Feeding families by combating inflation


Ryne Bracknell

Image depicts common household food items’ price rising due to effects of inflation.

A trip to the grocery store can take a chunk out of an American’s paycheck. Grocery prices were up 11.8% in December, compared to 2021. 

The days when people could buy a dozen eggs for $1.50 or a gallon of milk for under $3 are over. Nearly every food group has gone up in price. Eggs have increased by 138%, butter by 38.5%, flour by 34.5% and spaghetti noodles by 31.3%, according to TIME magazine.

About 90% of Americans are concerned about food prices, according to a survey conducted by The Harris Poll on behalf of Alpha Foods. Although the government works to fight inflation, citizens can combat the issue themselves. Five to 10 percent of paychecks should find themselves in a savings account, or a grocery fund. Costs can be cut elsewhere; cancel unneccessary subscriptions, avoid dine-in restaurants and new clothes, carpool, etc. 

Although the “better off” aren’t nearly as affected, the average American takes a hit.

Saving money is a good habit especially when it’s needed most.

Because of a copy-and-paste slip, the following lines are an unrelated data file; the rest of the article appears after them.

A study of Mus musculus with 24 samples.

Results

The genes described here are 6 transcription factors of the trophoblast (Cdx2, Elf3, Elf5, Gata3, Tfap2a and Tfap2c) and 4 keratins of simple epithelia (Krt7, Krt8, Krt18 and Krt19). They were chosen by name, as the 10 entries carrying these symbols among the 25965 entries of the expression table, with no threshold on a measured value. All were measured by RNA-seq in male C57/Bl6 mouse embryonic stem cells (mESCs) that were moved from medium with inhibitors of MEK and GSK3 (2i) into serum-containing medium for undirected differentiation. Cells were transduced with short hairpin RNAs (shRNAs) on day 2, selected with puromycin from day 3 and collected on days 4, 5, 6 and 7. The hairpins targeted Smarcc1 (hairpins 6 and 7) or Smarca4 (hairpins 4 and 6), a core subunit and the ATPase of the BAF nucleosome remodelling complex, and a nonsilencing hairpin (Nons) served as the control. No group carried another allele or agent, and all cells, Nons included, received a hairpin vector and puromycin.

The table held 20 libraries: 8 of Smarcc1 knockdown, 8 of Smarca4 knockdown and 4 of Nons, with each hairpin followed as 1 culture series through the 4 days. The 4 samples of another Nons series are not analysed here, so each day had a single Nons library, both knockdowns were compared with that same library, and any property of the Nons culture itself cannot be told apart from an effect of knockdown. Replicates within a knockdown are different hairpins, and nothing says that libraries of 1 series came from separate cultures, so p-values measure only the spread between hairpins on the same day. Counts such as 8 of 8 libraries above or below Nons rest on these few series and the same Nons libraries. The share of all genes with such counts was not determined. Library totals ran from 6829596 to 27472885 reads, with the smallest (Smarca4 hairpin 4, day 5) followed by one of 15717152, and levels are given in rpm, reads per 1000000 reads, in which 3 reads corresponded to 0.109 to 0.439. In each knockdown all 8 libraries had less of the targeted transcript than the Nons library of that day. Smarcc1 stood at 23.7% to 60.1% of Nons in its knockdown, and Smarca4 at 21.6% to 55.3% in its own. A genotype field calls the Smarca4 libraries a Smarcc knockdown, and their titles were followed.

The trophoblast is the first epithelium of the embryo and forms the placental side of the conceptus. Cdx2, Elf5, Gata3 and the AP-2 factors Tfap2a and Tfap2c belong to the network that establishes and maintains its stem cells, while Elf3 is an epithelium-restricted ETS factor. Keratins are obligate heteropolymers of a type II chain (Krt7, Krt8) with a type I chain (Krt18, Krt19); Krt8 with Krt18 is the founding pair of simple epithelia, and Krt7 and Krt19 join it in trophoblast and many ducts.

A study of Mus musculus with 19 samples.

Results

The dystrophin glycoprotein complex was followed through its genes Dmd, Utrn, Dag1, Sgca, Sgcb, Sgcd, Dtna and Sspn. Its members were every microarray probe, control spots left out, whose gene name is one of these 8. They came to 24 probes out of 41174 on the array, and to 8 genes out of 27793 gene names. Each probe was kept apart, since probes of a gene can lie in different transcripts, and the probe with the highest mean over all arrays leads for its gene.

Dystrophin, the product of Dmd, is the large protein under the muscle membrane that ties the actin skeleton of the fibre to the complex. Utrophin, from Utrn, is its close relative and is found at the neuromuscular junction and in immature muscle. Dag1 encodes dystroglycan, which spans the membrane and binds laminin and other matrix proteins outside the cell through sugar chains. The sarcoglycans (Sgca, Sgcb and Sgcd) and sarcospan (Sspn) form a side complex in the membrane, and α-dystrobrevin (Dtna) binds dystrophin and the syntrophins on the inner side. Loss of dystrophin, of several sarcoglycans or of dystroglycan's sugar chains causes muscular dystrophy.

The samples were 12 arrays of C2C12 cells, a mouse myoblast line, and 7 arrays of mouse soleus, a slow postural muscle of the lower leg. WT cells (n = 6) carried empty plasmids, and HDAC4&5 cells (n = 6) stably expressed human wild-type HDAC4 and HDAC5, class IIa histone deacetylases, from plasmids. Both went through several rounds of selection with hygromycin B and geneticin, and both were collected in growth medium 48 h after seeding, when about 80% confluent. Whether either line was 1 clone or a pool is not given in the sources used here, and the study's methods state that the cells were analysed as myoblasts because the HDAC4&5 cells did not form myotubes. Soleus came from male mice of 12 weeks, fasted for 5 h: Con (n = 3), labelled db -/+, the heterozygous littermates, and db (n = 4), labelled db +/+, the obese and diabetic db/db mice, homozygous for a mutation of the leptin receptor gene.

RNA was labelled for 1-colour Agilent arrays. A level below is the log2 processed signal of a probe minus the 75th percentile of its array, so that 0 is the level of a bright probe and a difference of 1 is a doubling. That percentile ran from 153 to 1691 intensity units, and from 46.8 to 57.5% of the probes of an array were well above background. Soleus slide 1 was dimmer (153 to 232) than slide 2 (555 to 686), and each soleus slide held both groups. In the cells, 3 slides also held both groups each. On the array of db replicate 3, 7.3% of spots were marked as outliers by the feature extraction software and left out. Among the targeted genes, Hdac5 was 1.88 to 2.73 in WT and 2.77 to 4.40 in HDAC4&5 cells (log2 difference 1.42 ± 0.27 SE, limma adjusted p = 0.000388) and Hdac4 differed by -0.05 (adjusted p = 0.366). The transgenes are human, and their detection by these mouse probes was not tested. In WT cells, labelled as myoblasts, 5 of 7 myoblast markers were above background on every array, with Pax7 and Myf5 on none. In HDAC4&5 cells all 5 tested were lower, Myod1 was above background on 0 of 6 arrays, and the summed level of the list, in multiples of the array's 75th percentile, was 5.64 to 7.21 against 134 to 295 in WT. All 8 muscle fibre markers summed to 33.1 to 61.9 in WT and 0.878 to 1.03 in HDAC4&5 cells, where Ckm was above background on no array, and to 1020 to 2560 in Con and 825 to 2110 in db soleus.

The Biden-Harris administration plans to take action against inflation by repairing infrastructure, supply chains and manufacturing. They plan to bring together business, labor, federal and state governments to address supply chain bottlenecks at ports; helping more workers find good-paying jobs in the trucking industry; taking on unfair practices by global shipping companies and implementing the historic Bipartisan Infrastructure Law, which moves goods to the market faster at a cheaper price. The administration also plans to invest in the United States for critical goods that drove up inflation during the pandemic, according to whitehouse.gov.

Americans, let’s sacrifice nonessential goods and services to have money for high grocery prices. We ought to become better thinkers, spenders and doers.